Now you get to see if the reality of your campaign lived up to your expectations. Once you measure and analyze your results, it’s time to reflect them in a report that you can deliver to your client or manager.
Nowadays, just like the proposal, most campaign reports take the form of a visual presentation. Here’s a breakdown of what to include.
5.2. Expectations vs. reality: the report
Basic campaign details
Start off with the identifying information of the campaign:
Name of the campaign
Number of influencers contracted
Geographical target (country, region, city)
Categories or industry targeted
Campaign start and finish, and any other important dates
Influencers - influencers that were selected
Followers - the average followers the influencers had during the campaign
Posts - posts published by the influencers
Stories - stories published by the influencers
URLs - the links you used in the campaign
Impressions - when the campaign content was seen or displayed
Interactions - when people interacted in some way with the campaign
Clicks - how many times campaign links were clicked
CPM - cost per thousand views/clicks
CPI - cost per impression
CPC - cost per click
Other benefits - Anything else you've achieved that has some value, like press coverage, or an influencer photoshoot of your space/products
Depending on the brand’s preferences and how big the campaign was, you could choose to report on just a summary of this data, or break the results down per influencer.
Next, summarize your investment, pulling from the spreadsheet you created when analyzing input/output. Depending on the brand, you may want to simply include the total investment, or you may want to include a slightly more detailed breakdown of the different categories of investment. And if you’re an agency, you may not need to do this step, as it's something the brand will probably do on their end.
Here, you’ll want to gather the basic information about the influencers you used, your output data, and some campaign media.
Include the results that are relevant to your campaign, which may include:
An example of how you could display results for a specific influencer who worked on the campaign, with fake figures as placeholders.
Compare your results with your original estimates to see how well your campaign achieved your expectations. Did you exceed your estimated impressions or interactions? Was your CPI lower than what you thought it would be?
Also, include some visual examples. This makes your report more interesting, and can also connect with highlights from the campaign. You could choose to show, for example, the top 3 posts with the most likes and the top 3 with the most comments.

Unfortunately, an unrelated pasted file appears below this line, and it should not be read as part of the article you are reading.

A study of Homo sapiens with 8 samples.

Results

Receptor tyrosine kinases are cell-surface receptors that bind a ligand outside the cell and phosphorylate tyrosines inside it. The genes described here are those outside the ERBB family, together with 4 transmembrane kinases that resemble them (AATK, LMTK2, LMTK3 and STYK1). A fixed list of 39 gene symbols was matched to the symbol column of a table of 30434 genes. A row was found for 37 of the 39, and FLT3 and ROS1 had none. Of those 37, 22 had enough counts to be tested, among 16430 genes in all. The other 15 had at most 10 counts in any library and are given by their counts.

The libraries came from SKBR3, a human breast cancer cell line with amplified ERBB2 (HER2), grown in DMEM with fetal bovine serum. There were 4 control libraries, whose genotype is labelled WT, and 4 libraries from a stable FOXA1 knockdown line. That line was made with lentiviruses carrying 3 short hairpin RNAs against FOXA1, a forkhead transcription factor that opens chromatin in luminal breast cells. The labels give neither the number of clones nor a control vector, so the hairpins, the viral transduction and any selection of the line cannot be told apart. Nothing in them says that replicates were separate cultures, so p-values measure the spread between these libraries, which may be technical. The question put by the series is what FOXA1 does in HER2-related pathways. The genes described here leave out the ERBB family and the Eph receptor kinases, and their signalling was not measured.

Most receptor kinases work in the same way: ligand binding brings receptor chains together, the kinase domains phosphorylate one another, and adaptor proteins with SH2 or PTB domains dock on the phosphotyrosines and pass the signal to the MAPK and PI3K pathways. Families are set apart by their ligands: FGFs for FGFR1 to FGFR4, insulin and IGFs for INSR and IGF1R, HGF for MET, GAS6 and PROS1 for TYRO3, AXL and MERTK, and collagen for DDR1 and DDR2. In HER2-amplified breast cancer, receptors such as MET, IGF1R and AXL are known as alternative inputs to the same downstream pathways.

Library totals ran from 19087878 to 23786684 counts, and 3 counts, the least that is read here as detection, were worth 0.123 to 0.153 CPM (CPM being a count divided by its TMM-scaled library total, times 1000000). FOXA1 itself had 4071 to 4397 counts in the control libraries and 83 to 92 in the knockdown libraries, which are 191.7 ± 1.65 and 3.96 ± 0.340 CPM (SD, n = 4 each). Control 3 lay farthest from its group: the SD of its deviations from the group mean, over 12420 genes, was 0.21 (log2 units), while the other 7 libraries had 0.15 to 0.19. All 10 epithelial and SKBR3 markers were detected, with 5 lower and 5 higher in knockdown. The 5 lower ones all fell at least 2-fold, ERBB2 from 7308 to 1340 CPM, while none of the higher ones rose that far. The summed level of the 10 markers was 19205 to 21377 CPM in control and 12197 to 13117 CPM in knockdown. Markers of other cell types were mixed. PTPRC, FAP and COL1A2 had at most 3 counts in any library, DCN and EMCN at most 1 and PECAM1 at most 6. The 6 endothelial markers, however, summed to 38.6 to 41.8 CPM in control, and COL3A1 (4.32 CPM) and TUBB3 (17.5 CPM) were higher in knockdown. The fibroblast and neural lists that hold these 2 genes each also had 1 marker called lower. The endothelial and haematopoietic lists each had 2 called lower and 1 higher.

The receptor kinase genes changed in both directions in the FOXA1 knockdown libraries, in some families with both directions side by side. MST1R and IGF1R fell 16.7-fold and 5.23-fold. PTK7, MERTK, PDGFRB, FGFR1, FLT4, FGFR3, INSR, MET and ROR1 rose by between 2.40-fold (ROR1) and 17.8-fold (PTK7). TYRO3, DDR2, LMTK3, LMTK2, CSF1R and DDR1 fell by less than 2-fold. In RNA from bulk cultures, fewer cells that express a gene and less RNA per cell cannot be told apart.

An example of a slide in a report showing the three campaign posts with the most likes.
So, how did you do? When analyzing your success in influencer marketing campaigns, remember this: success is always relative. Your success relates back to your original campaign goals, as well as the investment you put into the campaign.
Basically, when the benefit of the campaign outweighs the investment, you can consider yourself successful. Or, if you've exceeded your original goals, you can also consider yourself successful.
For example, imagine your brand is an online personal shopping service that charges $200 for a personalized box of fashion. You pay an influencer $1,000 to collaborate on your spring campaign. So, to recuperate their investment, your brand needs the influencer to sell 5 boxes. But the influencer actually ends up selling 20! That’s a great success, both for sales and for branding. (If you'd like to see some more examples like this, visit How to Measure Success of Influencer Marketing Campaigns on our blog).
Also, take into account all the benefits of the campaign, even if they're not hard marketing metrics. For instance, if you've just opened a new restaurant and an influencer shoots photos you can reuse in other promotional materials, you may have saved a few hundreds of dollars.
So if you exceeded your expectations, great! And if not, don’t get down. Identify the areas where you missed the mark, and analyze what you can do better next time.
Also, look closely at your campaign results to see if maybe you can reveal new insight. For example, maybe you didn’t hit your target audience as well as expected, but maybe another audience group reacted more positively than planned? They could be a good target audience for the future.
Measure your success
And with that, it’s time to draw the curtain on this act. We hope this guide has helped you get a better sense of how to manage an influencer campaign. If you’re ready to give it a go, stop by Heepsy for all your influencer needs.
And last but not least, should you have any questions or need more information about our products, our Customer Service department would love to hear from you! You can reach them at email@example.com.